When must Miranda warnings be given?
Police must give the Miranda warnings (i.e., “You have the right to remain silent; you have the right to an attorney . . . .”) prior to questioning an individual who they have taken into custody. Although this may seem like a straightforward proposition, judges consider many factors in determining whether an individual was in custody. For a Massachusetts criminal defense attorney, persuading a judge to suppress a defendant’s statement is no small task.
When is an Individual in Custody?
If a suspect is handcuffed, placed under arrest, and taken to the police station for questioning, he is in custody. In most other situations, this issue is not so clear. The test can be stated in various ways: Was the individual’s freedom of movement sufficiently restrained? Was the individual questioned under circumstances that present a danger of coercion? Would a reasonable person in that same situation have felt feel free to end the questioning and leave? Would a reasonable person would think that the defendant was in custody? The police officer’s subjective purpose to detain a person is not a decisive factor in the analysis.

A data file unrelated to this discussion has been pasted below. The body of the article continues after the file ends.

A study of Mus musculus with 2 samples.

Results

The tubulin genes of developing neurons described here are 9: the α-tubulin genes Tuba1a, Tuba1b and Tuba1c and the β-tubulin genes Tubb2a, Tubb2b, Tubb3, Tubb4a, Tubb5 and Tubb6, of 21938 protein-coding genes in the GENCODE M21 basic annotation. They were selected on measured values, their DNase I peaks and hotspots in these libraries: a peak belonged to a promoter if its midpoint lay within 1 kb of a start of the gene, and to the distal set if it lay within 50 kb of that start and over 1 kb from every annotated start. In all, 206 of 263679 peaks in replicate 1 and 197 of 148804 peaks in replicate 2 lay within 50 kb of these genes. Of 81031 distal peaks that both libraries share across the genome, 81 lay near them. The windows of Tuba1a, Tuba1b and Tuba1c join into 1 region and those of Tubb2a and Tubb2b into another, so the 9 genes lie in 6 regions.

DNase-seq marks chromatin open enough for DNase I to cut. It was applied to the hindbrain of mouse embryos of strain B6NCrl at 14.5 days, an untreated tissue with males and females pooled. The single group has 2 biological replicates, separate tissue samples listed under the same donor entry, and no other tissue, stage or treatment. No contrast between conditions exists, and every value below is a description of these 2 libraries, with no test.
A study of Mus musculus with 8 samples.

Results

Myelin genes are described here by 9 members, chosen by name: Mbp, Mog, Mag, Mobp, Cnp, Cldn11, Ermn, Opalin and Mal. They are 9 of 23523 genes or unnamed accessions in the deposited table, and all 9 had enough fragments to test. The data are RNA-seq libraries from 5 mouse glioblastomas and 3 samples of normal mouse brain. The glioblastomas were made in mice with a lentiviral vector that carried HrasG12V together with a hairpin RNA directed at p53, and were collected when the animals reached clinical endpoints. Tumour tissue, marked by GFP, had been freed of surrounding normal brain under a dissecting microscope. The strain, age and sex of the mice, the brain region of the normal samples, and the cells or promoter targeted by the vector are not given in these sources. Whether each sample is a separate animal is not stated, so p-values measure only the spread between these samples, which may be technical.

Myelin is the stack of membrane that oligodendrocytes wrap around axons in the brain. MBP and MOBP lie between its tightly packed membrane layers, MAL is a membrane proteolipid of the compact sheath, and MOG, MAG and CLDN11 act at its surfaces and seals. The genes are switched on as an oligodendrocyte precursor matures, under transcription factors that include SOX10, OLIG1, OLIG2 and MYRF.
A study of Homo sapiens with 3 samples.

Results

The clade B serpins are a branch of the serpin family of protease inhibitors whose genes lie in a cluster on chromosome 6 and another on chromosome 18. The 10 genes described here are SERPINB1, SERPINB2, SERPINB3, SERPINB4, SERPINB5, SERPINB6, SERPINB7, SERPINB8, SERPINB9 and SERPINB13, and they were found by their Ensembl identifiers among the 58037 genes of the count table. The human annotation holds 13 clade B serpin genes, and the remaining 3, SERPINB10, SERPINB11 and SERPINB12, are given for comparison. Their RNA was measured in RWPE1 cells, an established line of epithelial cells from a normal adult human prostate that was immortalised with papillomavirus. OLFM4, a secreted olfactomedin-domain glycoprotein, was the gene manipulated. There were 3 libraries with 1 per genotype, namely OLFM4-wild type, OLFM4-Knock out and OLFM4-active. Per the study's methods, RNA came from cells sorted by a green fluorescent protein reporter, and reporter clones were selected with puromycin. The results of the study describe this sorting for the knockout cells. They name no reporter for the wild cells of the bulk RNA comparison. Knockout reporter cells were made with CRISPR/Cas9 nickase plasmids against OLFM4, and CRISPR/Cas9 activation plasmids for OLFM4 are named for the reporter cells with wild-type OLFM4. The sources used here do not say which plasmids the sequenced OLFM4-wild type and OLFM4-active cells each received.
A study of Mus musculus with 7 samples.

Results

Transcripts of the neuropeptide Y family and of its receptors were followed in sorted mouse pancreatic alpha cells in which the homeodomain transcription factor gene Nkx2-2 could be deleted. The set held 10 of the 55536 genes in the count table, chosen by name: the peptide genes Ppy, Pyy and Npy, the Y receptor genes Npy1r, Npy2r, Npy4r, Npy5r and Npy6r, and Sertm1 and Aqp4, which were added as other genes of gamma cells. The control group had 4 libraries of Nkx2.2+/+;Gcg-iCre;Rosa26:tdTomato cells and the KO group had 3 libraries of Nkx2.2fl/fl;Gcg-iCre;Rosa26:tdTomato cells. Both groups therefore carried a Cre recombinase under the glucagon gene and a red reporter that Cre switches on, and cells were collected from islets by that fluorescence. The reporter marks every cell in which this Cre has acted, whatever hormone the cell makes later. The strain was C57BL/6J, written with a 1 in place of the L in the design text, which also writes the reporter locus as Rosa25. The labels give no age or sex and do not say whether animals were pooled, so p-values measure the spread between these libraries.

To determine whether a person is in custody for purposes of Miranda, courts examine all the circumstances surrounding the interrogation, including:
- The location of the interrogation.
- The language used to summon the defendant.
- The extent to which the police confronted the defendant with incriminating evidence.
- How long the interrogation lasted.
- The amount of pressure the police applied to detain the defendant.
Boston Criminal Defense Attorney’s Advice
Whether or not an individual is in custody or not, it is often a mistake for him to speak with the police. Those questioned by police are usually unaware of how the police or the prosecutor can use their statements against them — even when they believe they are only protesting their innocence. Many individuals naively place themselves at the scene of the alleged crime, admit to an argument, or claim self-defense — thereby inadvertently assisting the prosecution with proving its case against them. Since it can be very difficult to suppress a defendant’s statement, even if the police fail to advise an individual of his Miranda Rights, it is usually wiser to assert your right to silence and to a lawyer.
Contact Boston Criminal Defense Lawyer, Kevin J. Mahoney
If you are facing criminal charges, an experienced Boston criminal defense lawyer will guard your constitutional rights and protect you from overreaching by the police and prosecutors. If you would like to speak with him about your situation, call us at (617) 492-0055 or submit our online contact form.